From street dance to a global phenomenon, salsa dance is loved by casual and professional dancers throughout the world. While salsa dance is one of the “newer” dance genres, it's fairly old. Its rich history dates back to almost a century on the island of Cuba!
There is much conflicting information about the origins of salsa - some say it originated in NYC, others believe it’s from the Caribbean. However, most experts agree that the earliest version of salsa originated in 19th century Cuba. There are pieces of evidence that Salsa was already popular in various parts of the country before it became a dance sensation in its native Eastern Cuba.
The History of Salsa Dance and Music in Cuba
Before the Salsa dance emerged, Cuba was already the melting pot of various Latin dances such as Flamenco, Tango, and Mambo. According to historians, Salsa dance emerged in Eastern Cuba in the 1900s. The traditional Cuban salsa was created by combining Danzón, a dance style by French and Haiti immigrants, Rumba of African slaves, and Són, a traditional Cuban dance style.
Danzón was the main dance style in 1920s Cuba. Eventually, Danzón was infused with various dance influences, including the British contra dance and Són, the Cuban dance style. Són, which originated in Santiago de Cuba, is a combination of African percussions such as nengón and kiribá.
As Són became a popular dance style in Cuba, it was infused with another popular dance style, Rumba. During this period, Rumba dominated the music scene in Old Havana. The combination of diverse Són and Rumba musical instruments became the basis of a unique rhythm that would later be known as salsa.
It took several years before salsa’s rhythm became popular in Cuba. But when it did, salsa became a local sensation, often being performed in festivals. In just a few short years, salsa music and dance became very well known and loved all over Cuba.
During the 1898 Cuban War, Americans flooded the country and unsurprisingly, many US soldiers tourists loved the local dance scene and were very much taken by this infectious new dance style. Visiting American jazz musicians eventually carried this exotic island dance style stateside after the 1898 Cuban War.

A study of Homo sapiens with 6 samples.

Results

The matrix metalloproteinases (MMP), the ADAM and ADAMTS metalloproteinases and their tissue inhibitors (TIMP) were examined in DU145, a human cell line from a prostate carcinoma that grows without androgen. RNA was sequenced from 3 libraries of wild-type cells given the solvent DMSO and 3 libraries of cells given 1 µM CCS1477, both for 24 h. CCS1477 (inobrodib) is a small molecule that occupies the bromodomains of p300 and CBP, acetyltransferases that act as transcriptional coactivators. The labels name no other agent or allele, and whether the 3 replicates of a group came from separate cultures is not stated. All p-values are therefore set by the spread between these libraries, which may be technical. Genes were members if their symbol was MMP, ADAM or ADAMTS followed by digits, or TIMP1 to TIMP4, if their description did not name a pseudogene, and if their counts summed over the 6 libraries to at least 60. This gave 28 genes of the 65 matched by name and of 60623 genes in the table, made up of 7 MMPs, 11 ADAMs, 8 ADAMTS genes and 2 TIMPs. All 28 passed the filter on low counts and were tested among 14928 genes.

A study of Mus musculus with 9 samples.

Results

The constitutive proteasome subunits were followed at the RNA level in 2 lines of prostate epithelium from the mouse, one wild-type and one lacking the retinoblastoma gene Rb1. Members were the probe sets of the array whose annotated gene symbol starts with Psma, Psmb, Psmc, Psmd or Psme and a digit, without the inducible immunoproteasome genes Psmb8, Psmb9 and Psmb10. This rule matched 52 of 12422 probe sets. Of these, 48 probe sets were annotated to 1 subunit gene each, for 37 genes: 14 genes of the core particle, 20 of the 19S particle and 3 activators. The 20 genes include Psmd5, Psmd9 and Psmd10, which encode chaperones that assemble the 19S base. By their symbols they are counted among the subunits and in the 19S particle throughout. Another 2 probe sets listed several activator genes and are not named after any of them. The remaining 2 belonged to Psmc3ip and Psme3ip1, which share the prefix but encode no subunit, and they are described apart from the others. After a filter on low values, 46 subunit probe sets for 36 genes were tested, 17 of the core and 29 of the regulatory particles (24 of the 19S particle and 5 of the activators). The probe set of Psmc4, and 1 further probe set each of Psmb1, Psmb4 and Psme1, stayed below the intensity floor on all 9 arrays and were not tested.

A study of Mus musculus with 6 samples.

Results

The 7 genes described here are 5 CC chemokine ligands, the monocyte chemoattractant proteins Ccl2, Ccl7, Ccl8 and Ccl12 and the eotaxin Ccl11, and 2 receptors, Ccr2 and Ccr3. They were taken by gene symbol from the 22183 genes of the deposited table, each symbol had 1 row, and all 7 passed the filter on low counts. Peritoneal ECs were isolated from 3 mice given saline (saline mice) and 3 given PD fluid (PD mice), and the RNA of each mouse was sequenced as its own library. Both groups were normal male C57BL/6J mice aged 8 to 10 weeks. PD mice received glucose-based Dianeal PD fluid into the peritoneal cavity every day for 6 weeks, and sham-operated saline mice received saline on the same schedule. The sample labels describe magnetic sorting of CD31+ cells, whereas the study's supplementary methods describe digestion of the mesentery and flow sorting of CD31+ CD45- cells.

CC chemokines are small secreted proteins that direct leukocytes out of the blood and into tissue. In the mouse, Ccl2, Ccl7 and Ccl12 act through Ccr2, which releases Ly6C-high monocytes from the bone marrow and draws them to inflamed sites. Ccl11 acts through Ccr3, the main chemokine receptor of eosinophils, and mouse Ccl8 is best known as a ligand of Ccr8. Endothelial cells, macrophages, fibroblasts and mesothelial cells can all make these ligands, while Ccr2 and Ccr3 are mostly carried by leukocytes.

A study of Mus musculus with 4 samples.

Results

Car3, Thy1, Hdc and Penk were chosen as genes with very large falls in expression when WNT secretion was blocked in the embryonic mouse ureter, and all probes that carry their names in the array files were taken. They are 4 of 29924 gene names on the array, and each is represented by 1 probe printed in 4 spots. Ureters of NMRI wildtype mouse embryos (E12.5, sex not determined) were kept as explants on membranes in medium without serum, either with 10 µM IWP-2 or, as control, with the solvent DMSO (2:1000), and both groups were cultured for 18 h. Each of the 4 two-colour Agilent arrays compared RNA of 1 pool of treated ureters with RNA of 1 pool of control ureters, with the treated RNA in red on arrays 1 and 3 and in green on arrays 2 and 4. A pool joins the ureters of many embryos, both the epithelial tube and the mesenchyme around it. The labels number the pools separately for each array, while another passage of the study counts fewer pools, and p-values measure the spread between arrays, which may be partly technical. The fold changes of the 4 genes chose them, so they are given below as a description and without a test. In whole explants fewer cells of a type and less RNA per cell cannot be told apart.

Salsa stayed a local sensation for many years and most experts agree that its popularity beyond Cuba started in the 1950s when Cuban migrants brought their music with them to the US, particularly in New York and Miami. Relocating to the US gave the Hispanic musicians the perfect place to develop the salsa rhythm into the modern salsa. The modern salsa started gaining in popularity in ''El Barrio'', also known as Spanish Harlem.
By the early 1960s, NYC Fania Records gave this exotic new dance craze a name, “salsa.” The record label, which was established by musician Johnny Pacheco and Italian-American lawyer Jerry Masucci, became extremely popular for producing various salsa-influenced music. In fact, most of their recording artists went on to become salsa legends such as Celia Cruz, Héctor Lavoe, Cheo Feliciano, and Rubén Blades. By the 1970s, a slower version of the traditional Salsa has emerged in clubs and dance halls.
In the old days of Havana opulence, the Casinos were very popular among locals and tourists alike. Back then, casino owners would bring in the most popular musicians and bands in the country to lure people to dance. Dancing in casinos used to be all the rage in old Havana until the revolution when gambling haunts were forced to close down.
After the casinos were closed, people still danced the “casino” style in local dance halls and the name stuck. Today’s contemporary Casino-style salsa is the traditional Cuban salsa, not to be confused with Miami’s Casino-style salsa. Cuban salsa is different from its North American counterparts because the flow is circular and not linear. The idea is to let the woman shine on the dancefloor.
Rueda de Casino
Rueda de Casino is a type of Cuban group dance in which dancers constantly exchange partners, similar to the American square dancing. This Cuban dance style became popular in the 1950s Havana. Back then, people used to gather in dance halls, called "Casinos," to dance.
Rueda (wheel in Spanish), as it is commonly called in Cuba (which is salsa, as it is known outside of Cuba), involves a pair of dancers or more dancing in a circle. Dance partners are switched when one person calls out the turn names. As the dancers exchange dance partners in a circle, the movements are in sync with the whole group as well as the rhythm.
Some say that Rueda de Casino started out at the Casino Deportivo while others believe it originated in Santiago de Cuba. This dance style is a combination of popular dance steps of that era, which is still rooted in Danzón, Són, and Cha Cha Cha.
No matter where it came from, a part of salsa’s enduring popularity is its ability to bring people closer together with its strong, hypnotic Latin flavors. In the second part of this guide, we’ll discuss the history of Salsa in the US.